Taking more than a shot in the dark

The breadth of flavours available is bringing tequila to a wider audience

A glass of tequila is sitting by a bar wedged with a lime.

TEQUILA has had something of a reputation in the UK for being a spirit that bar and pub customers shoot first and ask questions about later (or not at all).

However, tequila – and its smokier sister, mezcal – has always had its supporters among bartenders and other spirits aficionados, who argue that the spirit has a breadth of styles and flavours to match anything else on the back-bar.

And the appeal is said to be growing steadily, according to brand owners and distributors.
Clayton Thomson, premium brands manager at C&C Group, the distributor of tequila brand Aqua Riva, said tequila “has long been seen either as the ‘never again’ spirit or somebody’s absolute favourite”.

“The market always lists to the younger age brackets, a large proportion of which tend to be discerning female drinkers looking for a quality spirit that can be sipped and savoured rather than shotted,” said Thomson.

“We do believe, however, that there is a tequila serve out there for everyone, and it is merely a matter of persuading our consumers to be a little adventurous in their drink choices.”

Oliver Pergl of Proximo Spirits, a distributor of tequila brands including 1800, Jose Cuervo and Gran Centenario, agreed.

He said that, in recent years, the category “has seen an entirely new wave of customers eager to experience tequila in different ways to what they’ve been used to or have seen in past visits to their favourite haunts”.

“The whole image and yesteryear idea of tequila being enjoyed purely as a shot is simply not the case for everyone anymore, as more people explore the category and get to grips with the craft-like nature behind one of Mexico’s greatest gifts to the world,” said Pergl. Tequila, distilled from blue agave, is generally available in four varieties: blanco (unaged); reposado (rested in oak barrels for up to a year); añejo (aged in oak casks for one to three years) and extra añejo (aged in oak casks for over three years).

Mezcal, meanwhile, is spirit distilled from any type of agave (technically meaning all tequilas are mezcals but not all mezcals are tequilas).

As with Scotch whisky, there are differences between spirits produced in different Mexican regions.

It’s perhaps no surprise, then, that malt whisky fans are said to be one of the main target markets for tequila and mezcal in the on-trade.

Michael Ballantyne, founder of Storywood Tequila, said the brand’s main target market is whisky drinkers, “as they understand a lot of the in-depth discussions we have when it comes to talking about our ageing process”.

“I always say to people to treat tequila the same you would any fine whisky because after all it takes up to ten to 12 years just to grow an agave plant to make tequila,” said Ballantyne.

“With that being said things like flights are a great way to offer consumers something fun and different, but you have to be prepared to educate people at the same time.”

While there will be customers keen to try spirits neat or in long serves, cocktails have become one of the most common entry routes into tequila.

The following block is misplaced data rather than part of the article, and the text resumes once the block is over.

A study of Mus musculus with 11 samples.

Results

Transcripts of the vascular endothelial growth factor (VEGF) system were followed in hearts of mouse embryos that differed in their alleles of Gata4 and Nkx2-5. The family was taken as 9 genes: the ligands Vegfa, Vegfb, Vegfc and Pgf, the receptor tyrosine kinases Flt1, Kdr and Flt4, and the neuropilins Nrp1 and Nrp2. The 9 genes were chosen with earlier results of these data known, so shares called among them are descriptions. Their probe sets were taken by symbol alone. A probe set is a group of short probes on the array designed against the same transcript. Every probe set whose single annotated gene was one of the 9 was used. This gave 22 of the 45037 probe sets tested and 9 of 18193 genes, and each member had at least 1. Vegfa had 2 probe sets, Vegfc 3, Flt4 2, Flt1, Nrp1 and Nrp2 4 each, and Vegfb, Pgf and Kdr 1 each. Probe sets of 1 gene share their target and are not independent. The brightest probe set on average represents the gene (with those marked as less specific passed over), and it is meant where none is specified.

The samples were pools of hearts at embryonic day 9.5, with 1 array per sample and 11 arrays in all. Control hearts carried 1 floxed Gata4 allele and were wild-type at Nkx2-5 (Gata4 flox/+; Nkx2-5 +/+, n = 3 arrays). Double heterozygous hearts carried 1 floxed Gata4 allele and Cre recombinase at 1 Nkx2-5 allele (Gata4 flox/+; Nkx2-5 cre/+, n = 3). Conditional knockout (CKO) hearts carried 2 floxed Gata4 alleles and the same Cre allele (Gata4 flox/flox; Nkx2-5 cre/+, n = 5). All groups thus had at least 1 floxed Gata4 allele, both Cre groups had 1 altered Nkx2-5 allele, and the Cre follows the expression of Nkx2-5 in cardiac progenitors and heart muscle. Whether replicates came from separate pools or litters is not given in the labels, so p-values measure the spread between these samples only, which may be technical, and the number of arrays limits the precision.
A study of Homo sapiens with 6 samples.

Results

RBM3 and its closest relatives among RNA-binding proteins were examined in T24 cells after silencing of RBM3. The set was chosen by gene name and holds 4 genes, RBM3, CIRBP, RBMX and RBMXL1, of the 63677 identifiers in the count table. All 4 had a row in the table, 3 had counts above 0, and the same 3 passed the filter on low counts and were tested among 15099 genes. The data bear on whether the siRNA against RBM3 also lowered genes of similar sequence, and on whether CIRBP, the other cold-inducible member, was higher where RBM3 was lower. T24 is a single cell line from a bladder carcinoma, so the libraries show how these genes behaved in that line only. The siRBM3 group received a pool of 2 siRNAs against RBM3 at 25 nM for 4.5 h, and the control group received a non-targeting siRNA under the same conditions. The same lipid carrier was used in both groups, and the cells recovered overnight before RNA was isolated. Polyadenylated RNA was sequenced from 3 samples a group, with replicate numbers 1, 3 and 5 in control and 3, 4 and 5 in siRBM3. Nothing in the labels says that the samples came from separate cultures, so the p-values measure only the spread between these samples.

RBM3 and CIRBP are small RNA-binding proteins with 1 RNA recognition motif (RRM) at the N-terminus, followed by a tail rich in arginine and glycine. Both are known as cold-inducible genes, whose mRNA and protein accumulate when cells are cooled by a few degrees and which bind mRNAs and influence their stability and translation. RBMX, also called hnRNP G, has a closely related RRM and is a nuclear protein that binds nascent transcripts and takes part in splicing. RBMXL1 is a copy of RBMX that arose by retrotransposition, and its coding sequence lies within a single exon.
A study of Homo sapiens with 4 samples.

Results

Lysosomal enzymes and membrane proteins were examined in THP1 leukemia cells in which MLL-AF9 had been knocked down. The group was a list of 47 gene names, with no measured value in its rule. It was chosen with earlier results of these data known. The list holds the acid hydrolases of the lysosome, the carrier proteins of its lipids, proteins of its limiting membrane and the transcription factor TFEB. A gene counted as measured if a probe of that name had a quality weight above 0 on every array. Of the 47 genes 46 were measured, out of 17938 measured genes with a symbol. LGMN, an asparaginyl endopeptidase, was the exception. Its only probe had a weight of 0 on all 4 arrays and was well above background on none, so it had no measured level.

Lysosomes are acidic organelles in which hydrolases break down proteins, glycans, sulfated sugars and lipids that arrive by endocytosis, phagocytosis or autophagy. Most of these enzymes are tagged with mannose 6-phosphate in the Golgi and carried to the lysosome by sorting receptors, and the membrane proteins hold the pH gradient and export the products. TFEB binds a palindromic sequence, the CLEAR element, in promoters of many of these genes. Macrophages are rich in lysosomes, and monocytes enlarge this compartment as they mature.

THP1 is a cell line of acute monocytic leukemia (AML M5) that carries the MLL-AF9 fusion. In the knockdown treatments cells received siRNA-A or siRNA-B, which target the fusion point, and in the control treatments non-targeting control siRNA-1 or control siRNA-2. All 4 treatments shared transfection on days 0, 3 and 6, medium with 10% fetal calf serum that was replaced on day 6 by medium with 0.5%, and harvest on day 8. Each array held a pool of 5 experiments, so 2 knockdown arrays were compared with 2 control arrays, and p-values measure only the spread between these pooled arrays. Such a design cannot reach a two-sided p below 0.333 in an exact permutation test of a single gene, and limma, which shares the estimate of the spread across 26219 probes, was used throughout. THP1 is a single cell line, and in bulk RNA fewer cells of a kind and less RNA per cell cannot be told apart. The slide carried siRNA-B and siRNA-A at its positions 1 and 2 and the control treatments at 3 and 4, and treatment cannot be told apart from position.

Thomson said, pre-pandemic, it was common to see twists on classic tequila cocktails the Margarita and the Paloma on cocktail lists, with some venues substituting mezcal “for a smokier, heftier flavour”.

Pergl of Proximo Spirits said cocktails often serve as the “gateway” into the category for some bar and pub customers, highlighting the various flavour profiles present in the spirit, after which the “natural step” for many of those customers will be pairing the tequila or mezcal with a favourite mixer.

The key here, said Pergl, is to regard different ages of tequila as different types of spirit.
“Treating different ages of tequila differently works well,” he said.

“For instance using a silver (blanco) tequila as a general white spirit, or an añejo tequila as a dark spirit will allow people to understand how best to use them.”

For those customers keen to try tequila neat, pairing with food can help make the spirit more accessible.

“Regarding neat serves, this is where I like to introduce the concept of food pairings to really bring to light the true nature behind tequila and how it’s enjoyed back home in Mexico,” said Pergl.

“Sipping tequila neat from a Champagne flute is a hugely impactful technique to assess the true aroma and taste credentials behind the spirit and also showcases the luxurious nature behind a spirit that can take as much as six to eight years to produce.

“Following a few of these key techniques will allow our clients to highlight easier the true accessibility that tequila can offer, in many different and enjoyable ways.”

While the category is arguably as broad and complex as any other spirit, stocking a small range needn’t be complicated.

Ballantyne, at Storywood, recommended licensees consider “a selection of unaged/aged tequila and mezcals in the 40% ABV and even a couple high-proof ABV styles for sipping and mixing premium cocktails”.

And Thomson at C&C advised a core range of three “base tequilas”, encompassing a blanco, reposado and añejo, as well as a coffee tequila for shooter fans and “one good quality mezcal”.

“There is an absolute myriad of tequila flavour profiles out there, ranging from sweet honey notes to stronger mineral and smokier tones, without even regarding the age ranges,” said Thomson.

“The best advice to give to an operator regarding tequila and mezcal is to start slow – do not over-purchase.”